Date of Award


Degree Type


Degree Name


Degree Program

Integrative Biology


Biological Sciences

Major Professor

Zhengchang Liu

Second Advisor

Mary Clancy

Third Advisor

Wendy Schluchter

Fourth Advisor

Bernard Rees


The budding yeast Saccharomyces cerevisiae is a pioneering model organism for studies on the regulation of eukaryotic metabolism. Yeast cells can import and metabolize a variety of carbon and nitrogen compounds and possess complex and overlapping regulatory networks to coordinate responses to nutrient availability. Metabolic control is exerted at transcriptional and translational levels through large-scale changes in gene expression and through allosteric regulation of enzymes in key pathways. These pathways are regulated upstream by nutrient sensing kinases, which play important roles in growth control and development. The focus of this dissertation is on the characterization of the functions of a major nutrient sensing kinase, Sch9.

Deletion of SCH9 causes the rapid accumulation of spontaneous suppressor mutations, which skew observations of sch9D phenotypes. I isolated recessive sch9D suppressor mutants in two commonly used laboratory strain backgrounds and show that all carried mutations in either IRA1 or IRA2. Suppressor mutations in ira1 and ira2 reverse several phenotypes in sch9D strains, including the induction of HAP4 expression and the inability to grow on non-fermentable carbon sources. Mutations in genes that lead to activation of the Protein Kinase A (PKA) pathway also suppress sch9D mutant phenotypes.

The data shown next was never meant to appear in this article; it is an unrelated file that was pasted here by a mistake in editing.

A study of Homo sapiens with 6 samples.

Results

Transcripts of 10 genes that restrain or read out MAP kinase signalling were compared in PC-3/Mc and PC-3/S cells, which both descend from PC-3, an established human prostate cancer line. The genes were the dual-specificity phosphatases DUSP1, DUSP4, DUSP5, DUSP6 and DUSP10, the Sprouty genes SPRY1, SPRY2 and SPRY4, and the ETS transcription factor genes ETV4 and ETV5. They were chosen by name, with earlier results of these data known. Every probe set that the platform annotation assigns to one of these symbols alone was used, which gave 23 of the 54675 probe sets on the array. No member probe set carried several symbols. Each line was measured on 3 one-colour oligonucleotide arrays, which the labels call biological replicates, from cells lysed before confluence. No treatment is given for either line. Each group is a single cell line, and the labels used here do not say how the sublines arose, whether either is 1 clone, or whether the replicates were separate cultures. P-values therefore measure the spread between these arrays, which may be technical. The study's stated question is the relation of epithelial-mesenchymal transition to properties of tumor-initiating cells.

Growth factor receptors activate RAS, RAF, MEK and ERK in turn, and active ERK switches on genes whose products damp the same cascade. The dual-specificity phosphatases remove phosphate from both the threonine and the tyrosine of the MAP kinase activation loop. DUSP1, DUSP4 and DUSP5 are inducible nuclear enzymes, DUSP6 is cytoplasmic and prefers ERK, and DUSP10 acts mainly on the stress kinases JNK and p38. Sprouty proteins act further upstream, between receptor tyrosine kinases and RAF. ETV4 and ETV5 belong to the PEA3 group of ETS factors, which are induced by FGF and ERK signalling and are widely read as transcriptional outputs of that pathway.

RNA-sequencing analysis of wild type versus sch9D mutant strains suggests that Sch9 has a role in regulating the expression of genes in mitochondrial biogenesis, nitrogen catabolite repression (NCR), phosphate metabolism, and purine biosynthesis as well as the expression of ribosomal protein-encoding genes, tRNAs, and small nuclear RNAs. Using genetic and molecular techniques, I was able to experimentally validate a role for Sch9 in regulating NCR-responsive gene expression.

To further investigate the connection between Sch9 and the NCR pathway, I investigated a potential interaction with the transcriptional activator, GLN3. Deletion of GLN3 leads to glutamine starvation and, consequently, mitochondrial DNA (mtDNA) loss. gln3D mutant strains also exhibit adenine-induced cell lethality, which can be suppressed by loss of mitochondrial DNA and deletion of SCH9. I propose that decreased flux through the purine nucleotide biosynthesis pathway, either due to an sch9D mutation or loss of mtDNA, reduces glutamine consumption and prevents adenine toxicity in gln3D mutants.